Growing up, I remember countless hours spent outside, playing with a sand box, a swing set, or biking, swimming, walking the dog, climbing trees, jumping on a trampoline, riding a scooter, etc. I currently live in an apartment complex with a well maintained pool. I take Monkey Man to go swimming once or twice a day for an hour, we take walks in a grassy field behind our building a few times per day, and we go to my mother’s house and wander around the backyard picking leaves and flowers, playing with the dog, and wading in the inflatable pool once a week. But that still leaves so much time indoors.
My apartment complex has plenty of children – I see them walk from their homes to their cars – but I never see them playing outside, except I might see one or two once a week at the pool. What is responsible for the decrease in time children spend outdoors? Is it a generational difference? Parenting differences? Cultural difference? Too much time spent watching TV, playing video games, surfing the net?
It is no wonder so many kids are being diagnosed with mental illnesses these days. Exercise, especially in a nature-like setting with grass, trees, and a creek or pond, helps elevate the mood by giving a “shot” of dopamine and serotonin, the same chemicals antidepressants help elevate.
It is also summertime! The time which, theoretically, I should see the most outdoor activity from children – no school to attend, no homework to do, plenty of time for play, and nice weather to boot!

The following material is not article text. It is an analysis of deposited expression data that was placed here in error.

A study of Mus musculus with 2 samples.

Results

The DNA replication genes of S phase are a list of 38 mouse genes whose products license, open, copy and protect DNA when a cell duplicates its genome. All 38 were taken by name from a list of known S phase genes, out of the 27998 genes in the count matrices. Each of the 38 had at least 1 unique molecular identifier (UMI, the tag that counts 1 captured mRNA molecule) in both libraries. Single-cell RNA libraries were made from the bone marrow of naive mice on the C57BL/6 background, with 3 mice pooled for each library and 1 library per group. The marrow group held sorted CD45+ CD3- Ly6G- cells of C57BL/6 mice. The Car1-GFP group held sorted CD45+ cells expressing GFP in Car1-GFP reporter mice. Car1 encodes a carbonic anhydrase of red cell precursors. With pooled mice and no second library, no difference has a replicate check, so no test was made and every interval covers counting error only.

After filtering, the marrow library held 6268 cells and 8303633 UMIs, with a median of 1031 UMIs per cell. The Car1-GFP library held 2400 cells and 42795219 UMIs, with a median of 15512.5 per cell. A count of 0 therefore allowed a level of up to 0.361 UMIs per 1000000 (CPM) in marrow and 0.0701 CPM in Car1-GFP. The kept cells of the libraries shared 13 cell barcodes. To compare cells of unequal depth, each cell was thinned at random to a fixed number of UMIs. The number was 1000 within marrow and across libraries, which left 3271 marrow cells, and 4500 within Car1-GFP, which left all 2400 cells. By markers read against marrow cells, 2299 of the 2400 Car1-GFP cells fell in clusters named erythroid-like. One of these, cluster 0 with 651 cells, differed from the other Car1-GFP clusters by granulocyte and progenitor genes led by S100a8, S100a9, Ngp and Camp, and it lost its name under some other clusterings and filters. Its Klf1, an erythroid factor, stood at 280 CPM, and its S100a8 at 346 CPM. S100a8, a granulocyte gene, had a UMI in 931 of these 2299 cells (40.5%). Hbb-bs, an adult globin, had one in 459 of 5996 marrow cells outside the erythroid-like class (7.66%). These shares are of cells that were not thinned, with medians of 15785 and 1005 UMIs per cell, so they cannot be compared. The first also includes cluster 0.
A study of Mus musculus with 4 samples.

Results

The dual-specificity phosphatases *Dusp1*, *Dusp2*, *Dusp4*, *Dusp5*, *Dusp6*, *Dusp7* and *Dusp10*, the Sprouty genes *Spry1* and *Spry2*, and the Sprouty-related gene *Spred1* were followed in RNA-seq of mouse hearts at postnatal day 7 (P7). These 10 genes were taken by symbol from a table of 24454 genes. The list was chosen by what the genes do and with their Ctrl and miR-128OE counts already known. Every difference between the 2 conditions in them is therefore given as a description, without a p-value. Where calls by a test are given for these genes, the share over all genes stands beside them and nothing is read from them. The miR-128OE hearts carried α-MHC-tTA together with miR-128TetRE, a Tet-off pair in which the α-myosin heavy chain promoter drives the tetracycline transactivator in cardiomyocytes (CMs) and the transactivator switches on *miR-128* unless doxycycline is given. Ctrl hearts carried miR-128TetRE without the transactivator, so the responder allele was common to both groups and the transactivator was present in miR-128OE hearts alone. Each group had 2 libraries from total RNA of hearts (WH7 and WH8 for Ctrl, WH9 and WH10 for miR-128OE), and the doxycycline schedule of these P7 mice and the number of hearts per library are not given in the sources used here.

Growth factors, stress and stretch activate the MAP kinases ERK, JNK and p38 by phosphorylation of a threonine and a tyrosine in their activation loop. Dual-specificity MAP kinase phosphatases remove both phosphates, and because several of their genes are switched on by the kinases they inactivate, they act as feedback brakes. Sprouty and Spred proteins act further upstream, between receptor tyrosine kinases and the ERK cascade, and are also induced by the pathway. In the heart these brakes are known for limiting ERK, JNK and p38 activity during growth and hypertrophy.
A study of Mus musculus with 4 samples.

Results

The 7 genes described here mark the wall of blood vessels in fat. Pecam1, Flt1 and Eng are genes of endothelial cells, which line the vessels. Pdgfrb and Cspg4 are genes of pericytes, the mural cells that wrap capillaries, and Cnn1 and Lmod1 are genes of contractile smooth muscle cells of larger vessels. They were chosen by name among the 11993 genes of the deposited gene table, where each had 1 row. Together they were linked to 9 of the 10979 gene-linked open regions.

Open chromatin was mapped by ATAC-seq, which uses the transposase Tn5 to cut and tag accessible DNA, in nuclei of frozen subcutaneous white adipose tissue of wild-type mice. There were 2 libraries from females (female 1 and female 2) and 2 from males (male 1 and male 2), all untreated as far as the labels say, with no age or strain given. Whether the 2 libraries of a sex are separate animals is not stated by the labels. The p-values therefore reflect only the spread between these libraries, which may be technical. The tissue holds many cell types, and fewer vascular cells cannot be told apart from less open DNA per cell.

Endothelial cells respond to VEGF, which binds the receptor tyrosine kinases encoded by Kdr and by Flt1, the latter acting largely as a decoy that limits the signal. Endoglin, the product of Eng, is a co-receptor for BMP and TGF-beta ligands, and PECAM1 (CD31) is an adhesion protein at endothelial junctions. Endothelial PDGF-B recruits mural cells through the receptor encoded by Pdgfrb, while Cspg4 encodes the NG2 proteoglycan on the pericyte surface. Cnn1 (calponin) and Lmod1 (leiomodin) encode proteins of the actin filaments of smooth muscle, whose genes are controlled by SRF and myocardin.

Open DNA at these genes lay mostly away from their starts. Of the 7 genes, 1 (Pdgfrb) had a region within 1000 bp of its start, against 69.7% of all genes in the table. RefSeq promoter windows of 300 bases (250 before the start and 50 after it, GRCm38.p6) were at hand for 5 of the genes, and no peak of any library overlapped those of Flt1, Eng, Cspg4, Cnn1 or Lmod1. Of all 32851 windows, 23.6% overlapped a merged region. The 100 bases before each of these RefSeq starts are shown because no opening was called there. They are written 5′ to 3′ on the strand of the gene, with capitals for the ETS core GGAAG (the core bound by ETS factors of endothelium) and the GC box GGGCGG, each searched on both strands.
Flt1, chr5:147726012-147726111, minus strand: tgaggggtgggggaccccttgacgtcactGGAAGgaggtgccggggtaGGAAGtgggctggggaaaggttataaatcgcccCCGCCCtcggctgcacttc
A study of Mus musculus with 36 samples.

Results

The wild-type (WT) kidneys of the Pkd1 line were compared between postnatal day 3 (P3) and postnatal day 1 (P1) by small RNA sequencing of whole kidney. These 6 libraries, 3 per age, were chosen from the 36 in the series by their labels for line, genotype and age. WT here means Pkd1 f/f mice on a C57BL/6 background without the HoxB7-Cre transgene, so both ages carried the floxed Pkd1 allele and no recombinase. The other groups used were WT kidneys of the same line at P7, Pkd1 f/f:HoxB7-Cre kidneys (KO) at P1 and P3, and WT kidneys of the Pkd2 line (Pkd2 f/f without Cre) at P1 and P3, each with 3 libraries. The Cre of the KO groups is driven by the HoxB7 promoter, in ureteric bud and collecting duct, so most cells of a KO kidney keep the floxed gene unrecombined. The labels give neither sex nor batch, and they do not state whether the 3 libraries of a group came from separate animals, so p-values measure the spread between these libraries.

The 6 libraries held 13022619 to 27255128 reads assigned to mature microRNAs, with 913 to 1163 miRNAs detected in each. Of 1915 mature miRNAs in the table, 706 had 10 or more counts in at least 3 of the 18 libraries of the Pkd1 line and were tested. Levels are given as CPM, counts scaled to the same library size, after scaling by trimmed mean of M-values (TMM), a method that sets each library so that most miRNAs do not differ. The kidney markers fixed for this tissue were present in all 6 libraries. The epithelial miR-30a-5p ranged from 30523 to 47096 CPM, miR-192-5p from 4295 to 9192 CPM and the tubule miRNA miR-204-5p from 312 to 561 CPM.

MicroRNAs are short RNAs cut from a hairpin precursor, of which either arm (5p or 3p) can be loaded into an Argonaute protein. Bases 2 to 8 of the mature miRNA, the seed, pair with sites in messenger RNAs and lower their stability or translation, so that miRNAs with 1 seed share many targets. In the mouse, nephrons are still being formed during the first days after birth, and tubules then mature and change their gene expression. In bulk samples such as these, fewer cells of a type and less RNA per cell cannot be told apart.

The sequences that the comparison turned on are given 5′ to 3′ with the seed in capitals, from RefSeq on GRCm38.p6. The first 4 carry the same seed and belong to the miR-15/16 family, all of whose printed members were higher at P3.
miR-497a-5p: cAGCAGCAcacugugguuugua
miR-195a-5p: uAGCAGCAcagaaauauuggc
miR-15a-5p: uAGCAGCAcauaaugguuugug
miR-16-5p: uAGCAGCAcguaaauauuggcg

Where did all the children go? When I was a child, playing outside in my neighborhood was how I met all my friends. My childhood best friend of five years was met while I was walking the family beagle, and she was riding her bike up and down her street.
Being outdoors engages all the senses. There are birds, cicadas, frogs, and even traffic to listen to. There are blades of grass, decaying tree leaves, sticks, rocks, and dirt to pick, throw, or feel beneath your feet. Some of those leaves even make it into Monkey Man’s mouth. There are flowers, water, and decaying plant matter to smell. There are sunsets, sunrises, beautiful landscapes, hopping grasshoppers, and marching ants to watch.
Monkey man, and I, sleep much better and longer if we have spent a few hours outside on a given day. No wonder so many Americans have trouble sleeping.
Do a service to yourself and your children tomorrow – go play outside in the rich, sweet, enticing summertime grass, or a cool, refreshing lake or pool. Your children will one day thank you. And you will thank yourself for the ease in which they, and you, sleep tomorrow night.